Why hypertension (high blood pressure) is also called The Silent Killer

Courtesy of Healthwise, In

High blood pressure, also known as hypertension, occurs at a higher rate in many people of color and of lower socioeconomic status. Serious health problems can result from uncontrolled hypertension.

Potential damage

Your arteries carry blood from your heart to other parts of your body to deliver oxygen. The pressure inside the arteries is the force of blood pushing against the walls of arteries. This pressure normally rises and falls throughout the day, but if it stays high for a long time, it can damage the walls of the arteries and harden them.

This hardening of the arteries can decrease the blood flow to your heart, which limits oxygen to the heart. Chest pain, heart attack, or heart failure may occur. 

Brain injury is also possible due to blocked or ruptured brain arteries due to hypertension, and this may lead to a stroke. Lastly, the kidneys filter blood, but the artery hardening can lead to long-lasting kidney failure.

One in three adults have hypertension, and only about half of these people have their blood pressure under control. This is important, as continued elevated blood pressure can cause heart disease with possible heart attack, stroke and kidney failure.

Incidentally, heart disease and stroke are two of the leading causes of death in in the United States. Elevated pressure may be without signs or symptoms, which is extremely dangerous and why it is also labeled “the silent killer.”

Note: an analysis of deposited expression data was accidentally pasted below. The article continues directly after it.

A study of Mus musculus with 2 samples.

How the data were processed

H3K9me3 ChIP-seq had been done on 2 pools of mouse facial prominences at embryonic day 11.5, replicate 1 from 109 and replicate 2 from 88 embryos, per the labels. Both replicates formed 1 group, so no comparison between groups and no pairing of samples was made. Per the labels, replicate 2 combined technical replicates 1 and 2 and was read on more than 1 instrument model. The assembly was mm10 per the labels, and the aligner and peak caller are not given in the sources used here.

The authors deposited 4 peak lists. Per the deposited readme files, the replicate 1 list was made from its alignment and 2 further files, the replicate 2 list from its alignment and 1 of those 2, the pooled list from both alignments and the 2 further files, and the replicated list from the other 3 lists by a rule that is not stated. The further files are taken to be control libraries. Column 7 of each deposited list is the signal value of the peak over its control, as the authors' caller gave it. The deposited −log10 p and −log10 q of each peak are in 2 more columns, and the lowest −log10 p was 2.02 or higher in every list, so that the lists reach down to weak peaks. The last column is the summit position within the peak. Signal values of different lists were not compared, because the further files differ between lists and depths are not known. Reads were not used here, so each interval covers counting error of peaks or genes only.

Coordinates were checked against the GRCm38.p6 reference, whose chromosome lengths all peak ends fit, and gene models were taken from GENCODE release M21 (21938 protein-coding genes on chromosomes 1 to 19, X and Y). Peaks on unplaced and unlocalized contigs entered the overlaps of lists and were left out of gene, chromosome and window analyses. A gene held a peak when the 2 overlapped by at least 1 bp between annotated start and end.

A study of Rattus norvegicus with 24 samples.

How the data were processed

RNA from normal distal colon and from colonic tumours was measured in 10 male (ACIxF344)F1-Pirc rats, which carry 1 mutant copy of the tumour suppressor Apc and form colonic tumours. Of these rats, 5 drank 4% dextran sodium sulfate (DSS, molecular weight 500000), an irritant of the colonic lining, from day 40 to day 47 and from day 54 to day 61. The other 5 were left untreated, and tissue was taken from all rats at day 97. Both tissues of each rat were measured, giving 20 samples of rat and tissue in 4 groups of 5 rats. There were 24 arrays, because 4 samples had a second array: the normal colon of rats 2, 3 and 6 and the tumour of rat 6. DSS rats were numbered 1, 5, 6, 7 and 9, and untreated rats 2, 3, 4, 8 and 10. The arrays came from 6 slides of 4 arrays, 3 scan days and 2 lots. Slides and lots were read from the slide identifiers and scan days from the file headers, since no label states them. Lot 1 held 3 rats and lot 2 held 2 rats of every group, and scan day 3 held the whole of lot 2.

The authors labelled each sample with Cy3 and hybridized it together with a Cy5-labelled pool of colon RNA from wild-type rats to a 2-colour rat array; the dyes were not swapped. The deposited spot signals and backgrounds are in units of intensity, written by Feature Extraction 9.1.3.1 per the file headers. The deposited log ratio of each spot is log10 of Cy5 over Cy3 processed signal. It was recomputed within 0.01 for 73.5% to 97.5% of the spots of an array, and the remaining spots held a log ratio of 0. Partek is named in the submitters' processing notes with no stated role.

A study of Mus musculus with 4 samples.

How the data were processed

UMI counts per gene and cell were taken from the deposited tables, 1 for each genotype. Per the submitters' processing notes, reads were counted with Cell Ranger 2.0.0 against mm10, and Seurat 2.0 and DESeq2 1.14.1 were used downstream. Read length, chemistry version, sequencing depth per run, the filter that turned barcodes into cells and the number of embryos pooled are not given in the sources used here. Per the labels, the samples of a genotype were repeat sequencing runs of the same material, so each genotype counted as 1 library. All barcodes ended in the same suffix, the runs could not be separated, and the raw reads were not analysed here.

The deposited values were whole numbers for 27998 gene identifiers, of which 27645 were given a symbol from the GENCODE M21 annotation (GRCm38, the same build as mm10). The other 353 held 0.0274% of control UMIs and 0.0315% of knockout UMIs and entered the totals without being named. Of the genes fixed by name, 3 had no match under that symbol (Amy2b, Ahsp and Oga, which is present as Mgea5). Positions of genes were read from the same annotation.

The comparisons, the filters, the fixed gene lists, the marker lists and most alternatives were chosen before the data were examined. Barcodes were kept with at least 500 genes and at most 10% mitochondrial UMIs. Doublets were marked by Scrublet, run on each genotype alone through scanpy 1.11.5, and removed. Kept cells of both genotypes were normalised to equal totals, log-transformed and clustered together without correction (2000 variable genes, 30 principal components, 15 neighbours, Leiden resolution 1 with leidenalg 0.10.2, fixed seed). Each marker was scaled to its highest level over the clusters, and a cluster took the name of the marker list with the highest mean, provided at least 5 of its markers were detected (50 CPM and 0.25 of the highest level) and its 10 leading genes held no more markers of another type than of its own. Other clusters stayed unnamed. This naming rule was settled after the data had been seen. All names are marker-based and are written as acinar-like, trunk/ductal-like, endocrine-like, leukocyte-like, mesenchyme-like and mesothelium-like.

Diagnosis

The best way to diagnose hypertension is having your doctor or provider measure your blood pressure. The numbers found are usually measured in millimeters of mercury (mmHg). Normal pressure for emptying the heart (systolic pressure) is 120 or less, and filling the heart pressure (diastolic pressure) is less than 80. 

Blood pressure is usually written as a fraction with the systolic pressure listed over the diastolic pressure. For instance, 120/80 mmHg is a classic blood pressure listed or stated in movies.

Prehypertension (blood pressure slightly higher than normal): systolic 120-129, diastolic 80-89

Stage 1 hypertension: systolic 140-159, diastolic 90-99

Stage 2 hypertension: systolic greater than 160, diastolic greater than 100

Conditions and behaviors associated with hypertension

  • A diet high in fats and salt
  • Preexisting conditions like kidney disease, diabetes (more than half of people with diabetes also have high blood pressure), prehypertension
  • Lack of exercise
  • Being overweight or obese
  • Stress
  • Tobacco
  • Race (particularly non-Hispanic African Americans)
  • Older age (the elderly in particular) 
  • Some medications such as birth control 
  • History of hypertension in parents or other close family

Treatment

Treatment strategies include changing one’s lifestyle. This includes a diet with less salt and more regular exercise, as well as quitting smoking.

One should also cut out caffeine, a stimulant that can increase your blood pressure. Caffeine is in coffee, tea, and some energy drinks.

Stress can increase blood pressure, so to reduce stress one can try exercise, meditation, and sometimes prescribed medication. If medications are started, they must be continued and not stopped abruptly; otherwise, even higher blood pressure can be triggered.

Treatment barriers

Many people have barriers to treating hypertension, such as:

  • No access to foods with low sodium or saturated fats
  • Failure to exercise for at least three hours per week
  • Failure to take prescribed medications 

Have your health provider check your blood pressure regularly and, if it is beyond normal ranges, be sure to follow treatment recommendations to protect yourself from adverse health consequences.

Sean J. Ennevor, M.D. graduated with a B.A.S. in biology and economics from Stanford University, and as a Dean’s Scholar from UCLA School of Medicine where he received his MD. He completed his medical residency and fellowship in anesthesiology at Yale University, where he was chief resident and on staff. He practiced medicine in the Twin Cities for over 14 years, and presently serves as an advisor and investor for medical technology companies throughout the country.